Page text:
Discussion on Availability and Effectiveness of Support Programmes for Children with Autism and Their Families

In 2007, the United Nations General Assembly designated April 2 as World Autism Awareness Day. Celebration of this day aims to promote the full realization of human rights and fundamental freedoms for people with autism. This year's theme of April 2 is: "Moving from Surviving to Thriving," which emphasizes the importance of making more efforts from meeting the minimum needs of people with autism to their full inclusion in society.

On April 2, 2024, Deputy Public Defender of Georgia Irine Chikhladze took part in the event and panel discussion dedicated to the World Autism Awareness Day.

The availability and effectiveness of support services/programmes needed for children with autism and their families were discussed at the meeting. Other topics discussed included the measures implemented, issues of ensuring coordination, main challenges, inclusion of children with autism in the educational process, inclusive policy and existing resources.

The Deputy Public Defender of Georgia spoke about the main challenges in the direction of the rights of children with autism and their well-being, as well as the necessary measures for advocacy. According to her, Georgia made some progress in terms of establishing necessary services, raising awareness of people with autism, increasing their visibility and integrating them into society.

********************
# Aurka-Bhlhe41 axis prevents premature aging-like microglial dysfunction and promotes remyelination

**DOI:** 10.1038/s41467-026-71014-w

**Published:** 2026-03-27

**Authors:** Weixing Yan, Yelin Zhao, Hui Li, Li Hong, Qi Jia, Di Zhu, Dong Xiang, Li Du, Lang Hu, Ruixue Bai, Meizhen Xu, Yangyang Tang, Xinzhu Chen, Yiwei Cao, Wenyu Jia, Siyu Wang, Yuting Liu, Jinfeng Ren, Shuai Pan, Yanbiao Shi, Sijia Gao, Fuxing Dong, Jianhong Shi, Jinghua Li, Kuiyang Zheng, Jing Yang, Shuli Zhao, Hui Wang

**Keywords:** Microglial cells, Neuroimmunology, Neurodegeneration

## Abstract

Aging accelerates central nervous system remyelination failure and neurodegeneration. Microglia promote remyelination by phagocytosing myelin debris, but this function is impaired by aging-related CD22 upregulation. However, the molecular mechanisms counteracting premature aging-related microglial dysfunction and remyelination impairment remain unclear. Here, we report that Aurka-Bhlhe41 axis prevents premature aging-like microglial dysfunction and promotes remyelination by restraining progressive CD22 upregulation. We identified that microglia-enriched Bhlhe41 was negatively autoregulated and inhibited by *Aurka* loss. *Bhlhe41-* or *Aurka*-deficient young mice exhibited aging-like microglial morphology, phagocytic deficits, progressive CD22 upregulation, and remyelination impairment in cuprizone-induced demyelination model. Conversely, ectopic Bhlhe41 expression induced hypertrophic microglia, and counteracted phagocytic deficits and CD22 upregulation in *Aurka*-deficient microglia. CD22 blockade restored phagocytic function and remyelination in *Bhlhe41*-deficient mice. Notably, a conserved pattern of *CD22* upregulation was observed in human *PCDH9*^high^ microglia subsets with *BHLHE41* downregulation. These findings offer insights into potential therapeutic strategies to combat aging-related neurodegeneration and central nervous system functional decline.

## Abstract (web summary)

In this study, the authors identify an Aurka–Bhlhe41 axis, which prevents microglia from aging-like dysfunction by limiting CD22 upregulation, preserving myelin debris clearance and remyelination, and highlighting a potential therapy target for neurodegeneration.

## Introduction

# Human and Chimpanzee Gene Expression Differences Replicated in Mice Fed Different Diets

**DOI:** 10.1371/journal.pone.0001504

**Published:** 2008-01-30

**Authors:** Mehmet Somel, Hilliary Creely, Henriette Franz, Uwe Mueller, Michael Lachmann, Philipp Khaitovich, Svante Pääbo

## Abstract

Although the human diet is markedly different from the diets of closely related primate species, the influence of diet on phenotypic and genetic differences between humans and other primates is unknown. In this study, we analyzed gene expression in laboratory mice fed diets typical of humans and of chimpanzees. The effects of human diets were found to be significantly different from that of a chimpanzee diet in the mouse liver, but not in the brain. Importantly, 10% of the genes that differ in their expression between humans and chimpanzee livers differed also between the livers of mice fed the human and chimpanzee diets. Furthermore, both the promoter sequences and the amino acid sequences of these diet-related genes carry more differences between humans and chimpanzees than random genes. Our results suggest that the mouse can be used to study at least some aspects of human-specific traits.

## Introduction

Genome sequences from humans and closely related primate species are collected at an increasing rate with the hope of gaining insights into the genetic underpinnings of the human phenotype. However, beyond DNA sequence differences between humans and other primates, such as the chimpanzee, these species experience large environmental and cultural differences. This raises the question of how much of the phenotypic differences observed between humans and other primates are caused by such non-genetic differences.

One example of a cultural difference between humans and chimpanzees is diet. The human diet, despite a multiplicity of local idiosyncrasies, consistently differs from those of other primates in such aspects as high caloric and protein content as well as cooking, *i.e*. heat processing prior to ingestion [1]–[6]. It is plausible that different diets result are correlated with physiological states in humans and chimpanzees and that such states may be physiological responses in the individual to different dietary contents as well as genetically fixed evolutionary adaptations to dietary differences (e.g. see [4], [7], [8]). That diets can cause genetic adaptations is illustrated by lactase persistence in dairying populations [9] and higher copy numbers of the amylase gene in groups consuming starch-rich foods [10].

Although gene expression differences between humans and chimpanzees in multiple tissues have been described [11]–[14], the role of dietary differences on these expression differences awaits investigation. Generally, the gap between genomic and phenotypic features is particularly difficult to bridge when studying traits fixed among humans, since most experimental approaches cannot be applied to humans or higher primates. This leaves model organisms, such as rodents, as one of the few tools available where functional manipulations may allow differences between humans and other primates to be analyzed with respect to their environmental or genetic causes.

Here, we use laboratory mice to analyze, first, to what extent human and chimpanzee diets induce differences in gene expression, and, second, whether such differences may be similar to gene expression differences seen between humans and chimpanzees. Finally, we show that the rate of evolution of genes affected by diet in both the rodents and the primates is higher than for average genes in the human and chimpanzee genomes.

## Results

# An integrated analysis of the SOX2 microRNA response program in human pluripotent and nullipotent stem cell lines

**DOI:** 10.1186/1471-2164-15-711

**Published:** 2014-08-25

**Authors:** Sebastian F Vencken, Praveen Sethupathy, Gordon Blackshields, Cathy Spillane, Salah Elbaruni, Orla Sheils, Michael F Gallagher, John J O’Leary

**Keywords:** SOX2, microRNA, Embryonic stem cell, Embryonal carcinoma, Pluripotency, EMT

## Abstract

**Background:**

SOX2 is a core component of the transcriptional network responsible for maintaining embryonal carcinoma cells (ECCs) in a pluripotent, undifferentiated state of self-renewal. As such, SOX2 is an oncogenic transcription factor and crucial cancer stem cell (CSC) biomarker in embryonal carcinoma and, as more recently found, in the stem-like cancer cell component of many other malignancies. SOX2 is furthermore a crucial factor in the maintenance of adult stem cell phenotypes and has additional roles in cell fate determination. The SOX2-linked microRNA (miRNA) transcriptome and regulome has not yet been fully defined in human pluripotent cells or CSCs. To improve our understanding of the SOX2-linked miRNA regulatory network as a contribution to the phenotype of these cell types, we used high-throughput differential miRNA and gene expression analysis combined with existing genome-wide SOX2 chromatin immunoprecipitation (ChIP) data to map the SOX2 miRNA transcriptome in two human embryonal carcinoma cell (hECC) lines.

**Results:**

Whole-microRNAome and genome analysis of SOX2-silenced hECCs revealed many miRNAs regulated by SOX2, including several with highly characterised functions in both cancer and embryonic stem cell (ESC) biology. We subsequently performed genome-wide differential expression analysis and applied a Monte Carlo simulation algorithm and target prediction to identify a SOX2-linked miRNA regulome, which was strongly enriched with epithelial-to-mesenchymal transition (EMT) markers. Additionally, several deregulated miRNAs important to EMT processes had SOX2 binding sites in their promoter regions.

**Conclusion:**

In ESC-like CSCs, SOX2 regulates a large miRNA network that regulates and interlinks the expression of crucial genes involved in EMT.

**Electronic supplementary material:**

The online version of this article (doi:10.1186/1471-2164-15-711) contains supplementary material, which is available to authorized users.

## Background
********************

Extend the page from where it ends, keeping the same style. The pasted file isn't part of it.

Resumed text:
"All these achievements are related to the efforts of parents of children with autism, who have worked tirelessly to protect the rights of children and adults with autism.

However, despite the progress, significant problems are evident in the direction of rehabilitation. In particular, rehabilitation programmes cannot fully cover all children with relevant needs living in the country; and, after reaching adulthood, due to the lack of programmes, they remain without the necessary rehabilitation, which contributes to their exclusion and dilutes the progress made by the service in childhood. We should discuss these very issues and the ways to solve them," said Irine Chikhladze, expressing her hope that the discussion would significantly contribute to the start of the process and the establishment of correct, targeted and necessary services for all people with autism.